In Monday’s post, I talked about some of the basic ручные инструменты (“hand tools”) that might be employed by a плотник (“carpenter”) or a сантехник (“plumber”) — as well as some of the verbs that go along with these tools. Today, we’ll take that theme out into to the огород (“backyard vegetable patch”), with some tools that you need for садовство (“gardening”).
But first, there’s one very important “tool” that I forgot in the last post. Скажем, что вы изготовляаете табуретку из дерева (“Let’s say that you’re fashioning a small stool out of wood”), и вы уже распилили доски на части (“and you have already sawed some boards into pieces”). Obviously, a roughly-sawn piece of wood full of splinters wouldn’t be nice to sit on, so how do you make it smooth?
That, of course, is where you need some наждачная бумага (“sandpaper”), whose name comes from наждак (“emery” or “corundum”), the mineral that typically composes the “sand” on the paper. And one of the verbs that can mean “to sand something” is (от)шифловать, literally “to polish”:
Столяр шифлует доску.
(“The cabinetmaker is sanding/polishing the board.”)
If you’re using rather coarse sandpaper and aren’t really at the “polishing” stage yet, an alternative verb could be натирать/натереть, “to rub”, with the word for “sandpaper” in the instrumental:
Столяр натрёр доску наждачной бумагой.
(“The cabinetmaker has rubbed the board with sandpaper.”)
Note, by the way, that the -е- drops out of the -тер- syllable when the perfective натереть is conjugated:
past: он натрёр, она натрёрла
And this pattern generally holds true for other perfective verbs from the root -тер- “to rub”: that -е- is there in the infinitive, but disappears in the conjugation. (But there are some derivatives where this doesn’t happen: the “grater” that you use when shredding Cheddar for an omelet is a тёрка, for instance.)
And now, пошли в огород! (“let’s go out to the garden”).
Садовые инструменты (“Garden tools”)
If you’ve ever had to prepare a patch of dirt that has never been worked before, you know that there can be a LOT of work involved. For starters, there may be a lot of корни (“plant roots”) that have to be cut back and removed, and here a топорик (“hatchet; small axe”) or even a топор (“axe”, gen. топора) comes in handy. And the basic verb you’d use here is рубить (“to cut, chop”), which conjugates я рублю, ты рубишь, etc. There are various prefixed forms, such as вырубать/вырубить, which can imply “to completely destroy and remove by chopping”:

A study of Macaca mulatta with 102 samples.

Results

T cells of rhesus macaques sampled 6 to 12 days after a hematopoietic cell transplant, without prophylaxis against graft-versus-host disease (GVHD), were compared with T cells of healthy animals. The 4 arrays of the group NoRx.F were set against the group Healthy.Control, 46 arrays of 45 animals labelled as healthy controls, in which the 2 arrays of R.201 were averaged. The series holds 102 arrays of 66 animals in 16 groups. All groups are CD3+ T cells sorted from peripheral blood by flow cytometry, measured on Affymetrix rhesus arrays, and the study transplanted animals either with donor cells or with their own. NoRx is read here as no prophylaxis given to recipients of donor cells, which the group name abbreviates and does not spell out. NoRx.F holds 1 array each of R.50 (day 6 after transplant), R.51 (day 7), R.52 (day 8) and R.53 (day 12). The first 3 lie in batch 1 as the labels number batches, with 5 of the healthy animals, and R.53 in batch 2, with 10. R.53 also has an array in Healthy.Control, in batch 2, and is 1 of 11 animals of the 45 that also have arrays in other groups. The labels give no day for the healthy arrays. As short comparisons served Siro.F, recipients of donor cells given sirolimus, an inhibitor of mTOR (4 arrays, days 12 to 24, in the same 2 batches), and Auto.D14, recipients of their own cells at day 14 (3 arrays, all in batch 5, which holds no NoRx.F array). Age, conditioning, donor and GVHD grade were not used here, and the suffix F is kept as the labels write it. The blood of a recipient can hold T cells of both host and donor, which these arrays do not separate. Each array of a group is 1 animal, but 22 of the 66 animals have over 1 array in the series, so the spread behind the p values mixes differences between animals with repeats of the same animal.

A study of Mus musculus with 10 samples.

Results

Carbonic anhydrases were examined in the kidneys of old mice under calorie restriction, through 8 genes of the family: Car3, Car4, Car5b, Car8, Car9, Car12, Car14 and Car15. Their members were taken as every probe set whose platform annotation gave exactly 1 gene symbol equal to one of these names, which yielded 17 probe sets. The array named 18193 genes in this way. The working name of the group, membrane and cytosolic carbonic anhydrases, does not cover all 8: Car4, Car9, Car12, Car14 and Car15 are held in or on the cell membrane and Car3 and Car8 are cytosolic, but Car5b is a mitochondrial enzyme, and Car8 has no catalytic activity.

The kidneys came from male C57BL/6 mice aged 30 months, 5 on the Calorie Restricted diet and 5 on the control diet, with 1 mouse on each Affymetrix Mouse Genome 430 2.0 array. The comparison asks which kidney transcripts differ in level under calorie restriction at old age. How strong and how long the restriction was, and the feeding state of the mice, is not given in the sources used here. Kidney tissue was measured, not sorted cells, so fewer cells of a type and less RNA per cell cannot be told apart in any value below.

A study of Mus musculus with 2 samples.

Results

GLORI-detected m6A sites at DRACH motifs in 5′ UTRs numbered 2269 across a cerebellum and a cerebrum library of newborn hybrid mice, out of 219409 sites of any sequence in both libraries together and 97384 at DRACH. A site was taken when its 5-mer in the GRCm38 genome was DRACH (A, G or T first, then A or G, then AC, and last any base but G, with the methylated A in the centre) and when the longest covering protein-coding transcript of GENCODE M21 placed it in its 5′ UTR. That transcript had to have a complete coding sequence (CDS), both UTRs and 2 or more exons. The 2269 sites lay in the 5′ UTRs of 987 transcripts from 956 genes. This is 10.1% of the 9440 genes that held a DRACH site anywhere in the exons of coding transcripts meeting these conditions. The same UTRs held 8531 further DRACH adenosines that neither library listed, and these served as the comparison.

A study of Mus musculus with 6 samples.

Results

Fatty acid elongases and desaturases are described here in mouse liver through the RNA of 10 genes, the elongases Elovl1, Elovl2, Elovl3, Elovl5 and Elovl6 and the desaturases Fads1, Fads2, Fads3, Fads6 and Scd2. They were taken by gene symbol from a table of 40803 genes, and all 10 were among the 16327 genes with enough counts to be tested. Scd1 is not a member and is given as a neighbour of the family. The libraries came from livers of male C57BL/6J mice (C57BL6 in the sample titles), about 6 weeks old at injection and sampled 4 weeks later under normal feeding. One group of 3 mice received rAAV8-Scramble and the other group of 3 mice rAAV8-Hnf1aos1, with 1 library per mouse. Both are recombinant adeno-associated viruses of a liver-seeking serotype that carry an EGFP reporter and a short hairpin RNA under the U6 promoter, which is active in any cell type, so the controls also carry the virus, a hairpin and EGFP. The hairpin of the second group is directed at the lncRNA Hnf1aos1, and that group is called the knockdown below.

Садовник взял топорик, потому что ему пришлось вырубить заболевший куст.
(“The garderner took up his hatchet, because he had to get rid off a diseased shrub.”)
Another basic verb that means “to chop” is сечь:
past: он сек, она секла
Again, there are prefixed forms, like отсекать/отсечь (“to chop off”):
(“You shouldn’t chop off the branch that you’re sitting on!”)
Once the troublesome roots are out of the way, there may still be some large rocks that have to be removed — so you’ll need a лопата (“shovel; spade”). And for the actual process of digging, there are two more or less synonymous verbs. Копать (perf. выкопать) is easy to conjugate: я копаю, ты копаешь, and so forth. The verb рыть (perf. вырыть) is used just as commonly, but the conjugation is slightly more tricky, since the non-past forms have an -о- that pops in out of nowhere, just like with мыть, “to wash someone”:
past: он рыл, она рыла
Whichever verb you use, they both mean “dig” in different senses, and thus can be followed by various direct objects in the accusative. For example:
Она роет землю/почву.
(“She’s digging the earth/soil” — i.e., to loosen it up)
Мы копаем яму, для ловли тигра.
(“We are digging a pit/trap for catching a tiger.”)
Cвинья понюхал трюфель и его вырыла.
(“The pig sniffed the truffle and dug it up” — i.e., it removed the truffle from the ground after digging the soil around it)
When the dirt is finally clear of roots and stones, it might be necessary to add a bit of песок (“sand”) for drainage если земля очень глинистая (“if the dirt has a lot of clay”). And it’s definitely a good idea to add some удобрение — “fertilizer”. To get the dirt, sand, помёт (“manure”) and other additives all properly mixed together, you’ll need a грабли (“a rake”, always pl., gen. грабель or граблей).
From the looks of it, you might think that грабли is somehow related to грабить (“to rob, to loot”), but it’s not. In fact, the word for “a rake” derives from the verb грести — which means, among other things, “to rake,” and conjugates like this:
past: он грёб, она гребла
Outside of your garden, грести can also mean “to row; to paddle a boat” — using, of course, a гребок (“paddle”). And from this same verb derives гребёнка (“a hair-comb”), and oddly enough a (морской) гребешок (“a scallop,” as in the edible mollusc — presumably because the ridged shell looks as though it’s been combed).
And before we take leave of the garden shed, the word грабли figures into a particularly delightful expression: (дважды) наступать/наступить на те же грабли, “to step on the same rake twice,” meaning to repeat a stupid mistake without having learned from the unpleasant consequences, or to be “once bitten, but not twice shy.”
In real life, of course, stepping on a rake will probably leave you with puncture wounds on your foot. But the expression refers to what happens in cartoons: the рукоятка, “handle,” flies up, accompanied by a loud whack and chirping little birdies. (Which is better than a tetanus shot, I suppose.)